What happened

Shares of Helios and Matheson Analytics (NASDAQ:HMNY), 92% stakeholder in MoviePass, jumped a healthy 11.7% after third-quarter earnings came out this morning -- only to give almost all of that gain back after investors had a chance to actually see what Helios reported. As of 10:40 a.m. EST, Helios shares are showing a gain of less than 1% -- 0.6% to be precise.

Why?

Brass monkeys depicting "Hear no evil, speak no evil, see no evil."

MoviePass's earnings release was an exercise in hear no evil, see no evil, and -- especially -- tell investors no evil. Image source: Getty Images.

So what

Helios and Matheson's earnings press release was interesting almost as much for the information it did not contain as for the information it did.

On the "did" front, Helios informed investors that it grew "MoviePass Segment" revenues 10% sequentially to $80.5 million in the quarter. The company didn't have to spend nearly so much of that revenue buying movie tickets for its subscribers, either. With MoviePass having strangled access to its services to such an extent that, most days, many subscribers have no films at all available to see, MoviePass says its "average monthly usage per subscriber" has "dramatically" fallen to less than one movie per month.

Despite this fact, Helios is still managing to lose money -- $0.20 per diluted share.

On the "did not reveal" front, Helios didn't reveal how many subscribers it still has left (although in its 10-Q filing, it says the decline was "significant"). Nor was there word one on the status of Helios's recently mooted plan to spin off MoviePass into a separate company.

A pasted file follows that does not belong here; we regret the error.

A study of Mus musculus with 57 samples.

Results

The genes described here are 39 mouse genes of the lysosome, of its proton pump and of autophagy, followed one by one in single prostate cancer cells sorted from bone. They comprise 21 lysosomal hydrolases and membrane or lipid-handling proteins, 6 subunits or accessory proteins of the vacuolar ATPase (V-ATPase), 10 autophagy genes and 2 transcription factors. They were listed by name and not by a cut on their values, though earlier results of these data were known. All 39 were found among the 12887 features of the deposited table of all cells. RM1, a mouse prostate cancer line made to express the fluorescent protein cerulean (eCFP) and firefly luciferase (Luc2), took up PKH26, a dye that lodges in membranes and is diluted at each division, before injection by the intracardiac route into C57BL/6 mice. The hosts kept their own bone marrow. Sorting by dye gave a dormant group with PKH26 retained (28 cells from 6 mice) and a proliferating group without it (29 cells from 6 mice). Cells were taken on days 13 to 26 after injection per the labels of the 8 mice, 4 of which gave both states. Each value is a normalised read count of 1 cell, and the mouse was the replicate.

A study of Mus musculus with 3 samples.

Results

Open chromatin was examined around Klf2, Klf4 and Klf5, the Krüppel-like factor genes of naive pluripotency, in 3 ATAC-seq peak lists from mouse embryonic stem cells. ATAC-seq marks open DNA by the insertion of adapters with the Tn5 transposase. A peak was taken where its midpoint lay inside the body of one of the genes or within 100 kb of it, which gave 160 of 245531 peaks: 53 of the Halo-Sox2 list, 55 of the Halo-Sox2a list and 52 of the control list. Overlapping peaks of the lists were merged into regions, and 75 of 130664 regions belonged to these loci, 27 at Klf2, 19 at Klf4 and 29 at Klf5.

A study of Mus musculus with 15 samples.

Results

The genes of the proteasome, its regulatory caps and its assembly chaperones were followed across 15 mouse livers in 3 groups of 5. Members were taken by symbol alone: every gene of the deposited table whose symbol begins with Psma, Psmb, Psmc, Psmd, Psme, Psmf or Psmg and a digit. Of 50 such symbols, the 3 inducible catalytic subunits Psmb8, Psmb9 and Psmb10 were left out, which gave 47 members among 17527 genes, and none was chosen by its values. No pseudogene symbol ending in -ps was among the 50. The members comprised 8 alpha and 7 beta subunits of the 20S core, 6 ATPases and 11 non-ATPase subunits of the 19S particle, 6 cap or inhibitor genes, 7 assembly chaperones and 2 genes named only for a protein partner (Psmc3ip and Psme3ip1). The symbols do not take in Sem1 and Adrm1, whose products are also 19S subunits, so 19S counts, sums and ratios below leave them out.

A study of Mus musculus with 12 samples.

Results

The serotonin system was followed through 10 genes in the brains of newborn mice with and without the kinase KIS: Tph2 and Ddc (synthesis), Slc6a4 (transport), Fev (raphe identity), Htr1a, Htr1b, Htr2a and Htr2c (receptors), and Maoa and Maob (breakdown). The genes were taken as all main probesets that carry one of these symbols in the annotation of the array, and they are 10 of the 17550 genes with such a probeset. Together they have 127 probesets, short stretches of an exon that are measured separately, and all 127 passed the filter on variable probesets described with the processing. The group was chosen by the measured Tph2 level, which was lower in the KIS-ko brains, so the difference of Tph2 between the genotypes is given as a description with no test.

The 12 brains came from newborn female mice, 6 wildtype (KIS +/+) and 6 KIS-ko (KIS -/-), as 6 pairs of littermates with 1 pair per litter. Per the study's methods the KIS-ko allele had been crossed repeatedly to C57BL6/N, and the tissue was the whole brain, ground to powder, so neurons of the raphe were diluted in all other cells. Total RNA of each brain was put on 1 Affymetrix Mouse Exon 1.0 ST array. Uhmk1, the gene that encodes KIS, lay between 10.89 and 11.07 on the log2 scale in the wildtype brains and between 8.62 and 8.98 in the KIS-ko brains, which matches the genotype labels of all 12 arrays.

Nor did the company include any financial statements in its earnings press release, for that matter. In that regard, it's worth pointing out two more things that MoviePass's owner failed to mention: First, while revenues may have grown quarter over quarter, revenues declined 31% year over year (as revealed in the 10-Q statement that Helios and Matheson did file with the SEC). And second, bad as Helios's per-share loss looked, the explosive growth in Helios's share count tended to obscure the full extent of the increase in net losses at the company, which more than tripled to $137.2 million.

Now what

What's next for MoviePass and Helios? I honestly don't know (although I have a hunch). All I can say for certain is that it's hard to build a buy thesis off of numbers like these.

Rich Smith has no position in any of the stocks mentioned. The Motley Fool has no position in any of the stocks mentioned. The Motley Fool has a disclosure policy.